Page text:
Fairbanks Diocese's Efforts Praised by National Auditors
Abuse: Bishop and His Committee Refined One Section on Misconduct.
The Associated Press, carried in Anchorage Daily News [Fairbanks AK]
August 27, 2003
FAIRBANKS -- The Fairbanks Catholic Diocese has drawn high marks along with recommendations for improvements from a team of auditors conducting a national review to see if dioceses are complying with the Church's new policies on sexual abuse.
After a visit to Fairbanks last week, auditors also made recommendations to the diocese to further improve its policy.
Auditors praised Bishop Donald Kettler and the diocese's committee on sexual misconduct for their work in refining a section of the diocese's policy on sexual misconduct. The diocese produced a separate section to deal with abuse of minors in response to national guidelines adopted at a Roman Catholic bishops conference in Dallas last year.
"This well-qualified board ... has produced a document that clearly articulates diocesan policy on the serious issue of clerical sexual abuse of minors," the auditors said in their report.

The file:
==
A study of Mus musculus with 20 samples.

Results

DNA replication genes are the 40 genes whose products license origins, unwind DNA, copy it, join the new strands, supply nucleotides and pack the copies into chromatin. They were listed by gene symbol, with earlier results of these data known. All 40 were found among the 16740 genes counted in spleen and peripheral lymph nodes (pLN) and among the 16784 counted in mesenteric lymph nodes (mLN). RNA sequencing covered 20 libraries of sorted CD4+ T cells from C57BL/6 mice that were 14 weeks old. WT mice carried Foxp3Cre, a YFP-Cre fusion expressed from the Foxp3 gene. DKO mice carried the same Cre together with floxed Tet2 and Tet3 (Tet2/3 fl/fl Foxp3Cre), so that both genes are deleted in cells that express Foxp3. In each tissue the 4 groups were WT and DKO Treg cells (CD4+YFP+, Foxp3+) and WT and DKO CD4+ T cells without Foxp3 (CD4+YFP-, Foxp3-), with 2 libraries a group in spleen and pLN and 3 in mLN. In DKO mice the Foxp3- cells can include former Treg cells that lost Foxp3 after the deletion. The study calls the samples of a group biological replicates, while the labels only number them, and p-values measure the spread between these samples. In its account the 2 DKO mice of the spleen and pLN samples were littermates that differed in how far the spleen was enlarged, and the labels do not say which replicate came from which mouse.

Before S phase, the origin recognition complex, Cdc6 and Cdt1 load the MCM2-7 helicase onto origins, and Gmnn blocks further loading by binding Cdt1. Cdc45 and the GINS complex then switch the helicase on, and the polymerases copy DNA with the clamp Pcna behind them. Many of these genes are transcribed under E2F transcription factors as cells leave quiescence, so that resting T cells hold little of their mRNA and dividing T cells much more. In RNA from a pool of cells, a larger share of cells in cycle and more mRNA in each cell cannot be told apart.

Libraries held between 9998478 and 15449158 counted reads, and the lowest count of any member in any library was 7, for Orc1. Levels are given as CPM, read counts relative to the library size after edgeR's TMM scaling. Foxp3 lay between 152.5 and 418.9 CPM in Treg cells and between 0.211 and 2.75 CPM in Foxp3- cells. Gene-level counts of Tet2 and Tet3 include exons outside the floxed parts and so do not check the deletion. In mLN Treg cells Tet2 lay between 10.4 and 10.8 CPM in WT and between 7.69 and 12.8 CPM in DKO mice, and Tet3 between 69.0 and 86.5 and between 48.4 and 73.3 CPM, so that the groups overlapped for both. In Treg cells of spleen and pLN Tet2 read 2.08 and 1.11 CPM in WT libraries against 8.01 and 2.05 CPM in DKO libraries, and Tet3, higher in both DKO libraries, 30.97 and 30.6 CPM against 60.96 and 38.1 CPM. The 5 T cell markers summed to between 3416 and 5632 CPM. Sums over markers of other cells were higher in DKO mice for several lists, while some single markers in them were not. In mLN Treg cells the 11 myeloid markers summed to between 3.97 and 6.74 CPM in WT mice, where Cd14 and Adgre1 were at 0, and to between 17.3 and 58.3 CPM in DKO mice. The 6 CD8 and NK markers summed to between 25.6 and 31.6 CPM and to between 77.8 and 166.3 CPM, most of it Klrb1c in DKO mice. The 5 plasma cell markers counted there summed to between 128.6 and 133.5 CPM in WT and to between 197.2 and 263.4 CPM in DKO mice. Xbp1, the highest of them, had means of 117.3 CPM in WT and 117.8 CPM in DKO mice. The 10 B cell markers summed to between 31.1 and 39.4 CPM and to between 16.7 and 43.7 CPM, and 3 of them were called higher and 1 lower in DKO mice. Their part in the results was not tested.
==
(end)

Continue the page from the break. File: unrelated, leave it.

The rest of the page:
The diocese distributed copies of the policy to all parishes and institutions in the huge diocese, which covers more than 400,000 square miles and contains 48 parishes.
Kettler said auditors were uneasy, however, with the diocesan chancellor doing double duty as a victims' assistance coordinator. Such a dual role "could be perceived as a conflict of interest," Kettler said.
The bishop said he would recommend that two or three independent assistance coordinators be selected regionally.
The auditors also recommended clarifying the procedure for making a complaint.
Kettler said auditors suggested that alleged victims receive information on how to document allegations as well as services provided by the assistance coordinator.
"They want us to comply with these recommendations within the next few months," Kettler told the Fairbanks Daily News-Miner. "I see no problem with either of these recommendations."
He said the diocese's work is far from done, and its entire sexual misconduct policy, instituted in 1994, will be reviewed and revised.
All 195 U.S. Catholic dioceses are being reviewed, and the final audit report is expected to be made public by the end of the year. Audit teams in Alaska already have reviewed the Juneau and Anchorage dioceses.